When I was in high school (in the mid-1950s), my Social Studies/Geography teacher was pointing to the Indochina Peninsula as the next place where a war would be fought.
In reflection, many years ago, I am struck at her foresight. How did she know this?
She was instructing the class about how the United States was a self-sufficient country. When asked what she meant by that, she replied that the United States had everything it needs to sustain itself: iron and steel, coal, oil, glass, and even rubber trees and many other raw materials needed to produce whatever the country needs.
Skip ahead to 2009. In this age of globalization, the United States now imports many of the items needed — including medical devices and medications. Our manufacturing has moved offshore, along with the jobs it provided. Our economy is now called a service economy, where people do things for other people instead of producing a product.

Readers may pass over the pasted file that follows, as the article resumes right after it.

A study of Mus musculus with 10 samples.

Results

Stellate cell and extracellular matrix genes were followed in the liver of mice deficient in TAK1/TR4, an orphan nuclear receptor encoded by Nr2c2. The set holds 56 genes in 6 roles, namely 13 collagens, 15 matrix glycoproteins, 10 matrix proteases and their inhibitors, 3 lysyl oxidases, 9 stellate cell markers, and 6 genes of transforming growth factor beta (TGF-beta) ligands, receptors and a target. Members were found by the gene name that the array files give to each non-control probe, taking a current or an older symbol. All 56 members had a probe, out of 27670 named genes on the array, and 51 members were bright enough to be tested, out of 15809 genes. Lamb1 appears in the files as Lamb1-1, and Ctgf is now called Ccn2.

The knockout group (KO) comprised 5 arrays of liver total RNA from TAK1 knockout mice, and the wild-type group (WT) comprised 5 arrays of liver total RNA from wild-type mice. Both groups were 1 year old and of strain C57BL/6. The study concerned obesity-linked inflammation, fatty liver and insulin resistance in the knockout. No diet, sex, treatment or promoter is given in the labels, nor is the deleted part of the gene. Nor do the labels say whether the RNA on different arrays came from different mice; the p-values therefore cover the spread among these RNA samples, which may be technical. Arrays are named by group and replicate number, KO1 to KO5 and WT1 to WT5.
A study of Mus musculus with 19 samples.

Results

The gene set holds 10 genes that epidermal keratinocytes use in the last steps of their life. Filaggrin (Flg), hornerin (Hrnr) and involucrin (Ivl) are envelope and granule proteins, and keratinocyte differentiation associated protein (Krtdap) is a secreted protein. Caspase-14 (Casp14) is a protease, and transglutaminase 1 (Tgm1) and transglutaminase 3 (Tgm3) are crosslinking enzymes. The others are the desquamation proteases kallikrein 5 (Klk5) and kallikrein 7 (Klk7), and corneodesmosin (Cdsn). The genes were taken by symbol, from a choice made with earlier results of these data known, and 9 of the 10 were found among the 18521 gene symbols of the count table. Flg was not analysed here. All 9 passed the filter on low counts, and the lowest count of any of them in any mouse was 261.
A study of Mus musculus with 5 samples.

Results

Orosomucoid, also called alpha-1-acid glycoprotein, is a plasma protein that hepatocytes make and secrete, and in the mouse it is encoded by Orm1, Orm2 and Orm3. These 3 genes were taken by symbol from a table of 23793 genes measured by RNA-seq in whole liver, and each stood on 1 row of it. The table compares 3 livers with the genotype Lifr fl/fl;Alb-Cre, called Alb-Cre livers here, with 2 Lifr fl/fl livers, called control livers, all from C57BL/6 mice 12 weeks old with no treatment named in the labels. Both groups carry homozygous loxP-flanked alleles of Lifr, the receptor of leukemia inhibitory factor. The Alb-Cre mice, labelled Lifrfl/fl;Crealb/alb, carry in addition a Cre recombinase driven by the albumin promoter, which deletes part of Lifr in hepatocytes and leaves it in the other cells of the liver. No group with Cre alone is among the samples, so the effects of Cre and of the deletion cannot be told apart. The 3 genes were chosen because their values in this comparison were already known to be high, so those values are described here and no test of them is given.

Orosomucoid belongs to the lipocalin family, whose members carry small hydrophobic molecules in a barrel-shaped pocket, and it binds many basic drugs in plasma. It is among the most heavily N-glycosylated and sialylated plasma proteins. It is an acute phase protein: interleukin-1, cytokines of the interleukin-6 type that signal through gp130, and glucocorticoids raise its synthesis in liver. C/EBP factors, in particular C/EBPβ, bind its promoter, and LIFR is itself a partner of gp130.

Are we no longer self-sufficient? Yes, we are no longer self-sufficient. The question is: Should we stay that way?
President Trump has been blamed for a lot of the coronavirus problem. Is he really to blame? Most likely, the answer is no, not at all. Many critics have criticized the president for his handling of this crisis. I can only wonder what they critics would have done.
This president, Mr. Trump, or any other president would have been in the same situation, trying to get a handle on what was happening, trying to face an invisible enemy. The president, with the help of experts in their fields, is trying to find ways to protect the people. Is Mr. Trump doing the right thing? Probably yes. I’m just a citizen, and I think he is, but history will be the judge of that.
Complaining about being shut in and banned from large gatherings and other activities isn’t going to help anything, or make the virus go away any faster. Better to heed the advice of those experts on personal spacing, staying indoors, etc., and then we might see a light at the end of this tunnel.